Anyone who has chaperoned high school students knows it can add a few gray hairs. I experienced this very phenomenon a number of years ago while serving as the
rabbinic leader on March of the Living, the annual gathering that takes youth to Poland to commemorate Holocaust Memorial week.
It was Shabbat morning in Warsaw, and I was assigned to lead 40 students on a half-hour walk to the only functioning synagogue in the city, the Nozyk Shul.
When we arrived, there were more than 1,000 kids, all dressed alike, inside and outside of the shul. I needed to choose a well-defined spot where all the kids would meet once services ended. I scouted out the area and noticed a large sign in English and Polish on the building next to the shul that read: The Ronald S. Lauder Foundation Kindergarten. Everyone in my group saw the sign, and it was an easy place to remember.
I took my time exiting the shul after the service, certain that it would be simple to find the kids. When I finally came out, I couldn’t believe my eyes: All the other group leaders used the same spot, and more than 1,000 kids stood underneath that sign.
It took a number of searches, counts and recounts until I found all 40 students. Had we brought along our own banner to gather around, it would have made the process easier on the students and myself.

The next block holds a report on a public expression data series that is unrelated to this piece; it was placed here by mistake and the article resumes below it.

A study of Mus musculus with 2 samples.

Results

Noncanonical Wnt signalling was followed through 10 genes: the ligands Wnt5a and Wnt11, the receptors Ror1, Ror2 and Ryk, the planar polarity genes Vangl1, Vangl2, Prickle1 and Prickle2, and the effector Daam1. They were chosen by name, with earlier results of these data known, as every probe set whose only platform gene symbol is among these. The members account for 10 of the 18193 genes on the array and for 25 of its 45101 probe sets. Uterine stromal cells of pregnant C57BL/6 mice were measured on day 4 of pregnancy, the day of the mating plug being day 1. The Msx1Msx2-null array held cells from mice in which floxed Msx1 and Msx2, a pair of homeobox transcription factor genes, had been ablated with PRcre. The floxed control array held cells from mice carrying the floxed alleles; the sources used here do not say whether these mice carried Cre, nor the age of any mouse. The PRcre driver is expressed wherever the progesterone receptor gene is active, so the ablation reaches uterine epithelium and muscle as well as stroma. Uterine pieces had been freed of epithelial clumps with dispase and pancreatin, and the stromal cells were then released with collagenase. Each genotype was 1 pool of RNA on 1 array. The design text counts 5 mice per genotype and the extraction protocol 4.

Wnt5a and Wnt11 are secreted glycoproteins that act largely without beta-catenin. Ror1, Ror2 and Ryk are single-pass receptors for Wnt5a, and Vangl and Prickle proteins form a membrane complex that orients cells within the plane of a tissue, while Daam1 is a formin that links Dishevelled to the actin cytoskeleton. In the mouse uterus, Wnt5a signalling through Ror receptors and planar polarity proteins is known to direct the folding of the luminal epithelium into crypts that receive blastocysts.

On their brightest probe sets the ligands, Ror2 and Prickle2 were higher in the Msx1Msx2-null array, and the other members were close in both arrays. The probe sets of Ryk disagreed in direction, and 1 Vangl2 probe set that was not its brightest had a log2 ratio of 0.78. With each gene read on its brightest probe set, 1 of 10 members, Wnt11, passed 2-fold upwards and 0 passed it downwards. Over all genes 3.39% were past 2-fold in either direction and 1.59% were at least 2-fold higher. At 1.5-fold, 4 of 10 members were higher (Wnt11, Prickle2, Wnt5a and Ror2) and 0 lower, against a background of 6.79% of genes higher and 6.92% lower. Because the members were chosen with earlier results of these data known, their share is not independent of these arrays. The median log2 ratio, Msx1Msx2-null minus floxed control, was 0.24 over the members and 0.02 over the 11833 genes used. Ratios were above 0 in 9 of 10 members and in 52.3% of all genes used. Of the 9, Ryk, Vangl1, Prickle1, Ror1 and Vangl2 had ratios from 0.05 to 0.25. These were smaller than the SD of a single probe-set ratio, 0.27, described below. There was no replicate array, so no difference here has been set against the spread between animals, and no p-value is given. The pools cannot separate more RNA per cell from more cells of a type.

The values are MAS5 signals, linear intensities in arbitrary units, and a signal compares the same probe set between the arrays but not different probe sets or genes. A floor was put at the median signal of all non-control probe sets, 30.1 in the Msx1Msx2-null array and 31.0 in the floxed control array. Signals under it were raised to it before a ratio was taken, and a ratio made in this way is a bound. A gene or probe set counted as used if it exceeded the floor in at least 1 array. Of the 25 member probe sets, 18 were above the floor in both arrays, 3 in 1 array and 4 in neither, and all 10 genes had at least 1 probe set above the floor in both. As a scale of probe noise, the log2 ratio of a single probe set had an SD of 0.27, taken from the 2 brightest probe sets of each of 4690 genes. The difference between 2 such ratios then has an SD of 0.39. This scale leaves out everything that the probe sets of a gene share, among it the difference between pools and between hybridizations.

I wasn’t the first person in history to encounter this problem. In our Torah reading, Moses tackles this very issue when he conducts the second census of the Jewish people. The late 20th century Torah sage, Rabbi Yaakov Kaminetzky, wonders why there was a need for this second census when the first was taken only a few months before, as recounted in Parashat Ki Tisa.
Rabbi Kaminetzky suggests that the second census established a new way of viewing the Jewish people. For the first time, each tribe had its own flag: “Each man shall encamp by his banner according to the insignias of their father’s household” (Leviticus 2:2). Up until this moment the tribes did not have separate standards or emblems. The people were one unit.
What purpose, Rabbi Kaminetzky wonders, was served by separating the Jewish people into different groups with distinct emblems, colors and standards? Isn’t the goal of the Jewish people to be “One People”?
Weren’t the flags counter-productive, emphasizing diversity rather than unity? Furthermore, if they were so important, why didn’t we have flags immediately following the Exodus from Egypt?
In a brilliant analysis, Rabbi Kaminetzky says that Judaism promotes unity, but unity should never eliminate creative individuality. The only time unity and individuality can co-exist, however, is when they share the same focus. At this moment in our history the focus was the mishkan, the tabernacle, the first synagogue of our people. Everyone shared that goal and worked to see it thrive with every Jew offering his or her individual talents.
We can now appreciate why, up until now, tribal flags weren’t instituted. Until we had a mishkan identifying our faith and common destiny, the individualism of each tribe was unacceptable. Now, with the mishkan, the shared goal became clear so that individuality could be encouraged.
Rabbi Kaminetzky’s insight is more than simple exegesis; rather, he is offering us a view rarely heard. Unity of the Jewish people can occur only if we share a common destiny and mission. When we can apply varied and different talents to one common goal we, in turn, can enhance that goal.
Elazar Muskin is senior rabbi of Young Israel of Century City (yicc.org), an Orthodox congregation in the Pico-Robertson area.